Facebook faces yet another legal case over data privacy, and this time from Belgium. The case comes after a dispute in April, where the social networker disputed a report from Belgium’s Commission for the Protection of Privacy concerning its data protection measures.

Facebook Inc (FB) Sued By Belgian Regulators Over Privacy Breach

Facebook (FB) sued again over data privacy

Belgium’s privacy commission has alleged that the social networking firm is not complying with local privacy legislation, as reported by news daily De Morgen. The case will be discussed in Brussels on Thursday, and could be the first of the many privacy challenges across Europe. At the beginning of this year, it was reported that other countries such as France, Spain, the Netherlands and Germany were also planning to launch an investigation.

The privacy commission claims that Facebook Inc (NASDAQ:FB) tracks the activity of users on external websites with the ‘Like’ and ‘Share’ buttons, and the commission also claims that its communication with Facebook has been strained and random. The commission also stated that the world’s largest social networking company failed to provide an adequate response to its objections.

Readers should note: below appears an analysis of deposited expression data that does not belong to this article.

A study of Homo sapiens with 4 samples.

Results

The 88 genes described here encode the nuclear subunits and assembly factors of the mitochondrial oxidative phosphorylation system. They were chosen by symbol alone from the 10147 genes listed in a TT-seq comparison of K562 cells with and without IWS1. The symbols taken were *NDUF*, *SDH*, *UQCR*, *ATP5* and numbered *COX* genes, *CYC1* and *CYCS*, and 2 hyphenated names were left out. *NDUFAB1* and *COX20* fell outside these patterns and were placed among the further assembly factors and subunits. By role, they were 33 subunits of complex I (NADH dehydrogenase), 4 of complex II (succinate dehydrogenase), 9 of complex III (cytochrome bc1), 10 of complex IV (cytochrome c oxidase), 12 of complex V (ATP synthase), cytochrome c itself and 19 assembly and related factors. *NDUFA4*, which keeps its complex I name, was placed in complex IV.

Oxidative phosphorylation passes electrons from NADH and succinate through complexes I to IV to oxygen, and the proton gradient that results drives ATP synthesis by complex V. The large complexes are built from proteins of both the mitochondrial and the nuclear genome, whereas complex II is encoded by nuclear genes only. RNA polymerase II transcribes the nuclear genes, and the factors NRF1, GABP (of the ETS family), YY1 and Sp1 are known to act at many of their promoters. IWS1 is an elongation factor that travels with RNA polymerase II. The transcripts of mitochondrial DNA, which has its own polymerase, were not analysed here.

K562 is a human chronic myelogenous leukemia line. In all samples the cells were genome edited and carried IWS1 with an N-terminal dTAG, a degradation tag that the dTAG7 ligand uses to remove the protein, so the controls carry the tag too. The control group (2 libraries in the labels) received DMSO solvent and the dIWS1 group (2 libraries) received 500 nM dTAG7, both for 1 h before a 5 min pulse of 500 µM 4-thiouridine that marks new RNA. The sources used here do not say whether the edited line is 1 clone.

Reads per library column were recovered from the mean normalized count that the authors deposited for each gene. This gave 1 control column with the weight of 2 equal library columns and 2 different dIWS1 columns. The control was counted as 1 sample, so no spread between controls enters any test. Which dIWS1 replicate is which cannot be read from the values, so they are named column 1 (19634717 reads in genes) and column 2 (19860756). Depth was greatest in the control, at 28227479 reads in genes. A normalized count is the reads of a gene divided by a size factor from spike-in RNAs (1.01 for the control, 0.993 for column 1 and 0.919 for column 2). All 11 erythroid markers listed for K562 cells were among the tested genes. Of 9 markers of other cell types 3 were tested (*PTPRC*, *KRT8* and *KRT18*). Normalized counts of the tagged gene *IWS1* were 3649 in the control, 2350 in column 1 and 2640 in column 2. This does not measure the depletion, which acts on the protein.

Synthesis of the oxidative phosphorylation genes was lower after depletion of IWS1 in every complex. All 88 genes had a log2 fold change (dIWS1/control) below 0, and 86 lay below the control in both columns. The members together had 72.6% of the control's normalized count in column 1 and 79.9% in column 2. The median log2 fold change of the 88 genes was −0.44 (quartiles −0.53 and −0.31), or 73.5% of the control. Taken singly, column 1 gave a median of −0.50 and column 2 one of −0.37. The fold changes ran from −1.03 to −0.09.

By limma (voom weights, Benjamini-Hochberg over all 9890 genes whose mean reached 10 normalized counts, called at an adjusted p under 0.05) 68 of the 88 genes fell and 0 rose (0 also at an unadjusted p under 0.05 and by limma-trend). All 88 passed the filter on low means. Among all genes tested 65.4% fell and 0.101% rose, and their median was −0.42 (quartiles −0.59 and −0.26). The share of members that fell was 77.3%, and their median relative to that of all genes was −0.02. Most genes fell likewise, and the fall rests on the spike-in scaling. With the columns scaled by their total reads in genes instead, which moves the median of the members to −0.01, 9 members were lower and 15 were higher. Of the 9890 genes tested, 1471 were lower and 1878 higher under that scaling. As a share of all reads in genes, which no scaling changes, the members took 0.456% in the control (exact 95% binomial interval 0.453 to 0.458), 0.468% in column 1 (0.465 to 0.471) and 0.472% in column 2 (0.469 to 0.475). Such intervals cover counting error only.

In a statement, a Facebook spokesperson told newspaper De Morgen that that the social networker is confident that the case by the privacy watchdog has “no merit.”

Based on a previous findings

The case is based on findings by the privacy commission in March, where they noted that the social networker records user behavior on non-Facebook websites by default until a user opts-out, and seeks no permission.

Researchers said that according to the Article 29 Working Party, an opt-out mechanism, “is not an adequate mechanism to obtain average users informed consent,” specifically with regard to behavioral advertising. Further, the commission noted that Facebook’s current opt-out approach is not in line with the requirement for legally valid consent. The report also mentioned that Facebook tracks the behavior of people who are not members of the networking site, which is against the EU’s e-privacy directive.

At that time, Facebook Inc (NASDAQ:FB) publicly challenged the findings of the report from Belgium Commission, along with publishing a wider-ranging op-ed in the Financial Times, criticizing the overreaching European privacy regulators.

Facebook Inc (NASDAQ:FB) has seen a good bit of negative PR over privacy in Europe. Austrian Facebook user Max Schrems even pressed a case against Facebook in the European Court of Justice.